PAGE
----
Wednesday, April 1, 2009

All I Really Wanted in This World - Peter W., Peter A. & Leif - Hong Kong - April 1983 - Age 8

I was brought up to be a career woman, an unusual thing in the 1950s and early 1960s. I had planned to have a PhD before I considered marriage. It was a big surprise to me when I fell in love and married at 18 and an even bigger surprise when I found myself desperately wanting to have children. Peter W. was and is my romantic sweetheart. He's my best friend, and he has been a wonderful father. Leif used to say that we (Peter and I) "won the marriage lottery" and he was right.

Peter Anthony is my Christmas baby, born December 25, 1968. He was a bright, fascinating, creatively gifted child, questioning and questing all of his life. He was outgoing, gregarious, like his father, and not intimidated by people at all.

Leif was brilliant, analytical, athletic, tall from the beginning, and inherited my shyness and reticence. Once he knew you, he was a blast, but until then, he would hang back and quietly assess the situation.

I loved being their mother. I loved being Peter's wife, and I still do. They were all I really wanted out of life. As I've written, all the rest was gravy. I had a lot of "gravy," travel, living in interesting places around the world, the chance for meaningful work, the chance to write, friends. I had a close, supportive and loving family.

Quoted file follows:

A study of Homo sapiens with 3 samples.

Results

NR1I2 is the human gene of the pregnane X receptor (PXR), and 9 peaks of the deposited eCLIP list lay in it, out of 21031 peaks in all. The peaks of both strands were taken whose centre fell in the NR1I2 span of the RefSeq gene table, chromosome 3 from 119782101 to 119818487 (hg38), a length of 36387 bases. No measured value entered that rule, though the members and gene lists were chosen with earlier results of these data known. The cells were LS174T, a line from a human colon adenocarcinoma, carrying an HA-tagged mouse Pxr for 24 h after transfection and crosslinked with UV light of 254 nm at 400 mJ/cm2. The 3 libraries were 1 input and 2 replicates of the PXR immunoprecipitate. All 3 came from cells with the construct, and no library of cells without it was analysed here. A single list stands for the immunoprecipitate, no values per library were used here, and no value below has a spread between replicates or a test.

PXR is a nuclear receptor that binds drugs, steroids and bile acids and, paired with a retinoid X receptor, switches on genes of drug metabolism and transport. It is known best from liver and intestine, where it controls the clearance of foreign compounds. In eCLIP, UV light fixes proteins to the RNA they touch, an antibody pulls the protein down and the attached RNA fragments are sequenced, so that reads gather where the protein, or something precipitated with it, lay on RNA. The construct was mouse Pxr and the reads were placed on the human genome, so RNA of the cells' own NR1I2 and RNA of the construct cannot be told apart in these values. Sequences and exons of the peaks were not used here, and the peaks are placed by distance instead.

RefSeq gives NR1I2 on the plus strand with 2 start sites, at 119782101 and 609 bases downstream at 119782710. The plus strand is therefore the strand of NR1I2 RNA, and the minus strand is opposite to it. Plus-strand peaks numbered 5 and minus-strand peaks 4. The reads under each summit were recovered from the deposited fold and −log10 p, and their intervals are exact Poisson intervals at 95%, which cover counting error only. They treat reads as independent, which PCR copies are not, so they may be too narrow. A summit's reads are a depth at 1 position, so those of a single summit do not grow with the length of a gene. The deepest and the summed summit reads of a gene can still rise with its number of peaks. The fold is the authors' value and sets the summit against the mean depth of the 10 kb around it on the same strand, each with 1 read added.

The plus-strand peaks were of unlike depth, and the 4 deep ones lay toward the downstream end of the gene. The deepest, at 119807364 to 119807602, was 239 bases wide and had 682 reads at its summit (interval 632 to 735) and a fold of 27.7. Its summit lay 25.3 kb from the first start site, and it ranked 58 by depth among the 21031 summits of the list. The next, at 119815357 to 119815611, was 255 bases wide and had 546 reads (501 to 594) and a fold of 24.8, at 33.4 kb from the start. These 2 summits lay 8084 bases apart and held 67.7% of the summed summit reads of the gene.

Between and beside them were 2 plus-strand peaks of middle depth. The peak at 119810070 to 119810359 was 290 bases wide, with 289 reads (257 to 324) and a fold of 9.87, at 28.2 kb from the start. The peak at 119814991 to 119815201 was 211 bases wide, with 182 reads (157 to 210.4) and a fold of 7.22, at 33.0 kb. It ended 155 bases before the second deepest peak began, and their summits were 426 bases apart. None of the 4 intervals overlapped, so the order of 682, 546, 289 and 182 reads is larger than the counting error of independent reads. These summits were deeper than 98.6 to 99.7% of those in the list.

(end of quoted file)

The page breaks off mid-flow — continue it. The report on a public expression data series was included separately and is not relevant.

This blog is about Leif, about his life and our love for him and what his loss means to us. Although it is a good picture of those things, in order to stay focused it leaves out the rest of our lives, and this picture is meant to restore just a little perspective.

Although Leif is gone and I will probably never get over that; although the sadness and grief is there, we also have memories we treasure, of him, of his brother, of our family's past. We are glad he was part of our lives for 33 years. I would never give that up.

And I will also remember and be thankful that I still have Peter W. and Peter Anthony. I still have the future with them. I have three beautiful, intelligent, healthy grandchildren. I still have my loving, supportive family. I am thankful I still have much of what I really wanted in this world. That doesn't take away the hurt of losing Leif, but it does make life worth living. It does make life good. I don't ever want to lose sight of what I have in my sadness over Leif's death.

That is one of the paradoxes of life. We can be happy and sad at virtually the same time.